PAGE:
Aug 12, 2008

Hell, Lost in Translation

Hell Money - Click to enlargeThanks to the internet and to the fact that now traveling is easier we are getting used to have fun with bad translations, mostly from Chinese or Japanese to English.

But mistranslations are older than hell and in this case I mean that almost literally.

What you see here are "Hell Bank Notes" that we bought during a trip to the Far East, if I recall correctly in Hong Kong (but I may be mistaken, don't take my word for it).

Nevertheless, the interesting thing about these bank notes is the mistranslation behind them. According to several sources -our guide during the trip being one-, even when the bills clearly state "Hell Bank Notes" the meaning has nothing to do with our idea of hell.

Apparently, the word hell was introduced to China by Christian missionaries, who trying to convert people to their faith start preaching that all non-Christian Chinese people would "go to hell" upon their death. Through a classic case of misinterpretation, the word "Hell" was understood as the proper English term for the Chinese afterlife and therefore adopted and included in these bills.

Hell Bank Note - Click to enlarge
But the misinterpretations don't end there. The Chinese belief is that when someone dies the spirit of the dead goes to the afterlife, where it lives on, doing much the same things it did in life and it is for that afterlife that they send the money.

The traditional way these bills are "sent" is by being burnt, tossed in the air during the funeral procession or left in the grave. The bills are burnt with other paper objects such as cars, houses, clothing, watches and even mobile phones, so the spirit can live comfortable in the afterlife as s/he used to live before.

Some people believe that burning those bills distracts evil spirits that would take the other goodies for themselves if given the chance: While they chase the cash, the valuable goods pass safely to the intended relative. For this reason, sometimes the "hell money" is explained to westerns as the money the dead need to be able to get some comfort... and here comes the second misinterpration. Because of the word "hell" on them some people misinterpreted the explanation thinking that it was money sent to "bribe" the devil, in case you were going to hell.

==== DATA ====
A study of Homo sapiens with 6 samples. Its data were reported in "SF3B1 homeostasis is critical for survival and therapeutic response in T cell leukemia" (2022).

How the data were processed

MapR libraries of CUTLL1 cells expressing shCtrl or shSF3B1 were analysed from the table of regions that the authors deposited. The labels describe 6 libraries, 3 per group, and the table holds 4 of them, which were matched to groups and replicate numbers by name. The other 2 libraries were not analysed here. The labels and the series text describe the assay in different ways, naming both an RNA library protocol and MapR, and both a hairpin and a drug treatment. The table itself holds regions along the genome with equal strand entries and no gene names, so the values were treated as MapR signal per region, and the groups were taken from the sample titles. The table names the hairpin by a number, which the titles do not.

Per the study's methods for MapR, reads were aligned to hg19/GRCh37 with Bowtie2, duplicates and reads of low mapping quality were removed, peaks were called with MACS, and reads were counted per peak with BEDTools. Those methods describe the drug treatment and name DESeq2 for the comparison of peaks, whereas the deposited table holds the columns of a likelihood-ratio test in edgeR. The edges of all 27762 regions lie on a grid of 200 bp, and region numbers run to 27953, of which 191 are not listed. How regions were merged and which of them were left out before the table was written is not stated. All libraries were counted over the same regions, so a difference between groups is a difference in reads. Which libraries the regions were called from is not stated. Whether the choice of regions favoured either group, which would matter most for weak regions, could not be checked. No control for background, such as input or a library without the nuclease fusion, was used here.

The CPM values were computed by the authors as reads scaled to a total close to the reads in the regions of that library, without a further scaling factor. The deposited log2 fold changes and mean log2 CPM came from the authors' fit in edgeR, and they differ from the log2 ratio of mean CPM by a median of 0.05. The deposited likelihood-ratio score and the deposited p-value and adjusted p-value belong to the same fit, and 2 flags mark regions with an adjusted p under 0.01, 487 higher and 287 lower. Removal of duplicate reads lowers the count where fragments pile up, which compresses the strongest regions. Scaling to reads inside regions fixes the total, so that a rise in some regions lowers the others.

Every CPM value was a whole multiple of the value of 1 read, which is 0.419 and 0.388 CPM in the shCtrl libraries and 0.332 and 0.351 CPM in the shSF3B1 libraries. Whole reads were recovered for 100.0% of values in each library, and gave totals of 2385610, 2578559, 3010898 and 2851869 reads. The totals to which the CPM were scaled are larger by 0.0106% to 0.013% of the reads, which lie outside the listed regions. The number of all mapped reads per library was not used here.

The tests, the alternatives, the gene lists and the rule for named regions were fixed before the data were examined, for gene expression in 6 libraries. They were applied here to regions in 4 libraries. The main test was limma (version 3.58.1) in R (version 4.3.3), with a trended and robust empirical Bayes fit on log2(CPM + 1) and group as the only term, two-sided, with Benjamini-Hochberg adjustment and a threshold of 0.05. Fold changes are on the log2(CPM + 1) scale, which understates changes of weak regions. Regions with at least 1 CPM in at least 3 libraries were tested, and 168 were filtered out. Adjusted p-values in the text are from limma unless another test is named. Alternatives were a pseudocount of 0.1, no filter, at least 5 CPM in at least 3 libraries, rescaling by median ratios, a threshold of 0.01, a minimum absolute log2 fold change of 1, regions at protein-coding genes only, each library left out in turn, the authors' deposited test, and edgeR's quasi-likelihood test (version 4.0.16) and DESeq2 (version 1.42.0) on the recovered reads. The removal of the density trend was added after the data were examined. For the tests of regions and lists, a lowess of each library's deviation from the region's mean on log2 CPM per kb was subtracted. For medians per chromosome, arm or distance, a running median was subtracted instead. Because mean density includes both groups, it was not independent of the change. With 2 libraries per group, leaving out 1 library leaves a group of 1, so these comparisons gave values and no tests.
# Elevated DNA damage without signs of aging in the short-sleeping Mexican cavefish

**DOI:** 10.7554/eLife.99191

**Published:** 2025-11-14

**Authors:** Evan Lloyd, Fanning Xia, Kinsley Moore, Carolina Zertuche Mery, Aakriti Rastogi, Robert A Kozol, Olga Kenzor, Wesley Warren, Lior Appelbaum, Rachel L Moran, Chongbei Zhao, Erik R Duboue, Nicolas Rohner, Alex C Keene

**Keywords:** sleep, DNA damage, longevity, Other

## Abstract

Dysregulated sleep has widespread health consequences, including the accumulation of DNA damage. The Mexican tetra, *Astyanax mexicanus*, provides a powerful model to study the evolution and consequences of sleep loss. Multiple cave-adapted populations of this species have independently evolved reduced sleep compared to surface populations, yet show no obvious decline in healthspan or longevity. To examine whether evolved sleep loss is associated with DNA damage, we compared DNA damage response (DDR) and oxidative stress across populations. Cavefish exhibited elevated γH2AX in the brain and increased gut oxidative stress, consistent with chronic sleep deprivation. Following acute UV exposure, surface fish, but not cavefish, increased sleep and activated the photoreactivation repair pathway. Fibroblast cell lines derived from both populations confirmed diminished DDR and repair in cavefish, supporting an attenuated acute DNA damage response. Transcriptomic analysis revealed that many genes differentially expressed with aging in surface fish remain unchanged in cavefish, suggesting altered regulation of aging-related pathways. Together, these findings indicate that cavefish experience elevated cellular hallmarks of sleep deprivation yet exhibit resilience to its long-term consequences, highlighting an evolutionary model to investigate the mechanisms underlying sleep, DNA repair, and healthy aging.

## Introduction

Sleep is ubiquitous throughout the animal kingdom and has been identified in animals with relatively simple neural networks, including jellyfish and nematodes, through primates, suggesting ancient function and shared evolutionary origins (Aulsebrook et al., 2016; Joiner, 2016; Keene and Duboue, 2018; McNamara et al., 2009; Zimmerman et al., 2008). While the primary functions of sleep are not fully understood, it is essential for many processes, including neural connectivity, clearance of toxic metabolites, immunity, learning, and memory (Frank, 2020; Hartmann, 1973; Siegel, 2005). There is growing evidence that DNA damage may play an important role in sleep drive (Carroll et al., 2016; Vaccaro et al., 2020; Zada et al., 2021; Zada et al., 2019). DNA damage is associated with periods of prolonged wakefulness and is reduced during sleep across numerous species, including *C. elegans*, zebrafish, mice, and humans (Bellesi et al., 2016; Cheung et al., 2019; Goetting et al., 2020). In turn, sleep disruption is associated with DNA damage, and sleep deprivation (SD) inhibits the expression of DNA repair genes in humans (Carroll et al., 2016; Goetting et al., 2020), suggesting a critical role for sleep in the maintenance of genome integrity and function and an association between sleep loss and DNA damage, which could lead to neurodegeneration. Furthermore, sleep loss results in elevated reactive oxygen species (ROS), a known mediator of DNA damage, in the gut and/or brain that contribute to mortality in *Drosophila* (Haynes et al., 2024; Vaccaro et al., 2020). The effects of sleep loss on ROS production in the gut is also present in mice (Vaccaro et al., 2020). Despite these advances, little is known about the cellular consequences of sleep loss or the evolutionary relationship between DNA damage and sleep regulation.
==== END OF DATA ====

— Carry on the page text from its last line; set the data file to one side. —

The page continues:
What this has anything to do with creativity and innovation? A lot. Words really mean very little without an "environment" or a background that gives them the final meaning. They make sense not so much by themselves but in relation to other words, a historic and even geographical context, and as people do, they can change, evolve or simply mutate. Take them out of context and "new" things can happen; that is also how new ideas are born...

If you are interested in other mistranslations or how some other words have evolved to have a slighlty different meaning, check my postings about slogans or the ones about other words lost in translation.